ST. AUGUSTINE, Fla. -- An archaeological dig in St. Augustine continues to marvel scientists and historians. More burials have been found, and some are children's graves. They are children who may have been some of the earliest colonists in St. Augustine.
The dig started in early February. David White, the owner of the Fiesta Mall in downtown St. Augustine, had to rip up his floor because it was damaged by the hurricane. He offered the city archaeologist, Carl Halbirt, to dig underneath. That's when they started finding human burials.
Kathleen Deagen is a renown archaeologist. She usually leads digs, but for the past couple weeks, she has volunteered, helping Halbirt and his team. The burials are believed to date back to the first years of St. Augustine, between 1572 and 1700.
"At this point there are at least 7 burials of an area that's 12 feet by 6 feet," Deagan said.
Three of them are children. The state no longer allows photos or video to be taken of the burials, so First Coast News cannot show you the latest discoveries, but the team has mapped out the findings on graph paper,
"The round areas are the pits in which the people were placed, to be buried," Deagan pointed to the sketch.
"We've mapped some of the particular bones," Deagan pointed to some round circles she said indicated skulls. She says two of the children found were buried in the same pit, possibly at the same time.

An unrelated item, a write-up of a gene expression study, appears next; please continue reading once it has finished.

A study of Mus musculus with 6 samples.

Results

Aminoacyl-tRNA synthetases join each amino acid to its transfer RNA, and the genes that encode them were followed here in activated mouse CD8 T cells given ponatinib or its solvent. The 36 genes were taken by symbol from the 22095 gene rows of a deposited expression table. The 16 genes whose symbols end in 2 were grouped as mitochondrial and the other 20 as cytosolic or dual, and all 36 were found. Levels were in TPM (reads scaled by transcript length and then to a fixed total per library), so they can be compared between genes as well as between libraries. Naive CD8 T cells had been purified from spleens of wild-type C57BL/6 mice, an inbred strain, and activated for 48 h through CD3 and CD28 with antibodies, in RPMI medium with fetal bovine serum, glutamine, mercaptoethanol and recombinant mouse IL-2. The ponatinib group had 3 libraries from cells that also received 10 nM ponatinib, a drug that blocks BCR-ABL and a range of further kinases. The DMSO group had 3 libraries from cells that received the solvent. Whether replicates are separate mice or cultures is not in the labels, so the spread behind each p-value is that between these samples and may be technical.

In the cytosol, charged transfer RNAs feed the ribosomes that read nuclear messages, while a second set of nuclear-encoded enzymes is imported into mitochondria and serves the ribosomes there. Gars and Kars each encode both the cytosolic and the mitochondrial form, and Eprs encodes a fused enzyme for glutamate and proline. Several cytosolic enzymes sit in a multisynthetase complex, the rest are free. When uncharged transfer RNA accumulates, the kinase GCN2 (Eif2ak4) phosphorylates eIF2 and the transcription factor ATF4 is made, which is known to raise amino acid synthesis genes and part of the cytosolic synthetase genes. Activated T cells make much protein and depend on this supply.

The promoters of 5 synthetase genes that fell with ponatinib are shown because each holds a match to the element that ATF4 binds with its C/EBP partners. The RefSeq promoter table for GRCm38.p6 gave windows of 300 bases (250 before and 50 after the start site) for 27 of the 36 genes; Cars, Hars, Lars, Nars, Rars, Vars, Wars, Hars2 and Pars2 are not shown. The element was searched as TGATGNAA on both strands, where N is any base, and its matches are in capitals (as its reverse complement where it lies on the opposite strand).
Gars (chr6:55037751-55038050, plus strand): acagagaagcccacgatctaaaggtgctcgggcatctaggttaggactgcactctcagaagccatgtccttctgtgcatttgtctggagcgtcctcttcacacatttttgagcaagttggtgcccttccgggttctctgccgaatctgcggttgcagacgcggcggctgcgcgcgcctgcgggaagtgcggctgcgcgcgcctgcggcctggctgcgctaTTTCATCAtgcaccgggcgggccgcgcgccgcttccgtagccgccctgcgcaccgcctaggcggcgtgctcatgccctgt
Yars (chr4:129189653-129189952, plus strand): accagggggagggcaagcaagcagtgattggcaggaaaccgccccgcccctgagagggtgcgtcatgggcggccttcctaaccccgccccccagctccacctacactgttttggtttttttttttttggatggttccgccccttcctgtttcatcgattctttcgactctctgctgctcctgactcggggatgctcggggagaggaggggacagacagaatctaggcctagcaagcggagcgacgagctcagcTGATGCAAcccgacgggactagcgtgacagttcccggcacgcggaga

"The bio-archaeologist will be able to tell us the precise age but he thinks -- based on the bones -- they probably are under 7 years old," Deagan said.
It was not unusual for children to die so young. "When you look at the parish registers of St. Augustine, children died at a much higher rate than they do today," Deagan explained.
At the east side of the dig, archaeology volunteers are literally digging under the existing floor.
They have exposed part of a foundation. "There's a certain mystery about what building that might've been. It doesn't show up on maps," Deagan noted.
There's a possibility it could've been a seawall as well. Whatever it was, it may have saved the burials from hurricanes or flooding over the years.